Kokomo fighting housing shortage to find homes for flood victims

The county is getting creative with how to meet housing needs.

There are a lot of homes along the Wildcat Creek in Kokomo with piles of trash. In the meantime, the residents are homeless searching and waiting for a place to live.

"We're kind of desperate right now to find a place to live," said Lori Long.

Lori is pregnant, scared and now homeless. She is one of more than 100 people who had to evacuate after this weekend's flood in Kokomo.

"I'm just scared and nervous and hoping we can find some help somewhere from somebody," said Lori.

"We're in some very serious needs, but the crisis is being handled," said Abbie Smith, Director of the United Way of Howard County.

Abbie Smith is the president of the United Way of Howard County. She says a shortage in emergency housing has long been a need in Howard County. But this latest crisis creates an even bigger emergency.

"We have about 12 people that are in very temporary situations. Probably Sunday or Monday, we're going to have to have another option for them. We're working on that," she said.

"We have a pretty good market for rental properties," said Paul Wyman, Howard County Commission.

Paul Wyman is a Howard County Commissioner and a local realtor. The county is getting creative with how to meet housing needs.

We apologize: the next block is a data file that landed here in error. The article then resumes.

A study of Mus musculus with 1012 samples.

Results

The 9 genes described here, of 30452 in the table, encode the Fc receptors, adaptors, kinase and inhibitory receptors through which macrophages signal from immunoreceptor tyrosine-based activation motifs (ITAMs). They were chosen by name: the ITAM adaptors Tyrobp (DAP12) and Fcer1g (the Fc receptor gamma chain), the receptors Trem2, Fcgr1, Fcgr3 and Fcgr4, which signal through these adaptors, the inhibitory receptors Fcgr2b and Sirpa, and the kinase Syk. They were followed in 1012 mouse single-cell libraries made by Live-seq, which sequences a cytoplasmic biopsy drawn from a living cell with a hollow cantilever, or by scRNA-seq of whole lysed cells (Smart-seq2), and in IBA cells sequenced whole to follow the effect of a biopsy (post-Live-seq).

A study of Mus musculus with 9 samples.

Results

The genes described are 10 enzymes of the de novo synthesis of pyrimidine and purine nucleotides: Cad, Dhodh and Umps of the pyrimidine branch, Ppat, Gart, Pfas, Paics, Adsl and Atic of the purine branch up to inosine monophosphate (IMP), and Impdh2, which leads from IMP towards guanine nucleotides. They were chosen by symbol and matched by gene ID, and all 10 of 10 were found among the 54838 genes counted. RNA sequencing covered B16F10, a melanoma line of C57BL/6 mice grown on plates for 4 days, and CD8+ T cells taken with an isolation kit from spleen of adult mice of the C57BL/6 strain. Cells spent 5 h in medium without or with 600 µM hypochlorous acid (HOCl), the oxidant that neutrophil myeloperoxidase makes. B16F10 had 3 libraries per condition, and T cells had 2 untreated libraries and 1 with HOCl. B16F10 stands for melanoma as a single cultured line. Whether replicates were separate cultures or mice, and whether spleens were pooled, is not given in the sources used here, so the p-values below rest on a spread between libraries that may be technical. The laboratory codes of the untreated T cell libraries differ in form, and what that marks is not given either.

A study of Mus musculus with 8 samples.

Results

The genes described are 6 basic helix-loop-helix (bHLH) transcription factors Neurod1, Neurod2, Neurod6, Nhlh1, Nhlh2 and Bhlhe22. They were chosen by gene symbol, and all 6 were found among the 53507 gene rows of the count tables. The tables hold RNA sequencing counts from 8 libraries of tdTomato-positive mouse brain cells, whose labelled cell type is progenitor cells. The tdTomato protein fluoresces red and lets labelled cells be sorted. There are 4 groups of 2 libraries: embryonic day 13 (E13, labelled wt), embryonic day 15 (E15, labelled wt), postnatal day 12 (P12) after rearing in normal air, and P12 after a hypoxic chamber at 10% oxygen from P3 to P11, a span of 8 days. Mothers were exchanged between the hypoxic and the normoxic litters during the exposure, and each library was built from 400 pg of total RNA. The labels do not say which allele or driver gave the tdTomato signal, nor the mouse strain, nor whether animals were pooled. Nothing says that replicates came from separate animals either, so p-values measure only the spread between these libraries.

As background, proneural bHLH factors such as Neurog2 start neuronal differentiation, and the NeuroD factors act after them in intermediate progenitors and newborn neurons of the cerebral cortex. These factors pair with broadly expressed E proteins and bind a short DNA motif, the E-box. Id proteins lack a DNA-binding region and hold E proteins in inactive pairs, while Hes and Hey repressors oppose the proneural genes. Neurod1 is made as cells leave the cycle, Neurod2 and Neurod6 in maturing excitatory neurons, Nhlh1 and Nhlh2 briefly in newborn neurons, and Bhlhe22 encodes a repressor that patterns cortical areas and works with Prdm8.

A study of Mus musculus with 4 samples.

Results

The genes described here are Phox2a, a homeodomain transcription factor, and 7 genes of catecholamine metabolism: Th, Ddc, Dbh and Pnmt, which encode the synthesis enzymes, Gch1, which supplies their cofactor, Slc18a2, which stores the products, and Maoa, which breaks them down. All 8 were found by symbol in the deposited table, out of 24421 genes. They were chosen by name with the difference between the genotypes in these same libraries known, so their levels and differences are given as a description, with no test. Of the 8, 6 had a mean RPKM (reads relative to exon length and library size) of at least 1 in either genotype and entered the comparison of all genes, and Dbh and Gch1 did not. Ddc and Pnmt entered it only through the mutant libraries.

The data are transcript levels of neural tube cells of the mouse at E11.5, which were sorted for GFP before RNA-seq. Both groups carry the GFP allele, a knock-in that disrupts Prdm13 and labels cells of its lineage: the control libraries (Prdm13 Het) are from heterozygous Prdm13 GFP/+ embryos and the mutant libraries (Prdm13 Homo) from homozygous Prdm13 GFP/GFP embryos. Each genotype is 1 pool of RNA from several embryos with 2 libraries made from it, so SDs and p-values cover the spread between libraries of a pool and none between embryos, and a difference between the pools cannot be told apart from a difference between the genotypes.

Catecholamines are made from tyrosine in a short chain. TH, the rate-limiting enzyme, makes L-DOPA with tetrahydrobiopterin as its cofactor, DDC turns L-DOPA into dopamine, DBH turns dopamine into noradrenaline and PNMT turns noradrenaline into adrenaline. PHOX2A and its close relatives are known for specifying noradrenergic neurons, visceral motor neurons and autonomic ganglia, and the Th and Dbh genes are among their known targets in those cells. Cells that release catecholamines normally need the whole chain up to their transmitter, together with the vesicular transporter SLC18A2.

"We're also talking to people who have homes that are for sale that are vacant and asking them if they're willing to pitch in for one, two, three, four months during this period to help people get some housing as well," said Wyman.

Low-income housing isn't much of an option. It's 98 percent full. Plans for building more housing are in the works as part of a long term plan.

In addition to building more housing, there's also focus on eliminating the problem. The city has started tearing down homes in danger of flooding. But they have a long way to go.

"I think long-term, the plan is good and sound. It's just always unfortunate when an incident like this happens in the middle of the plan," said Wyman.

That is only little consolation to Lori Long, who's just trying to hang on.

"It's pretty bad," said Long.

A lot of work is going on behind the scenes to help folks clean up, move on and get that housing they need. But they can't provide that assistance if they don't know you need it. The number is 211 and it will tap you in to all of the resources you need to get back on stable ground.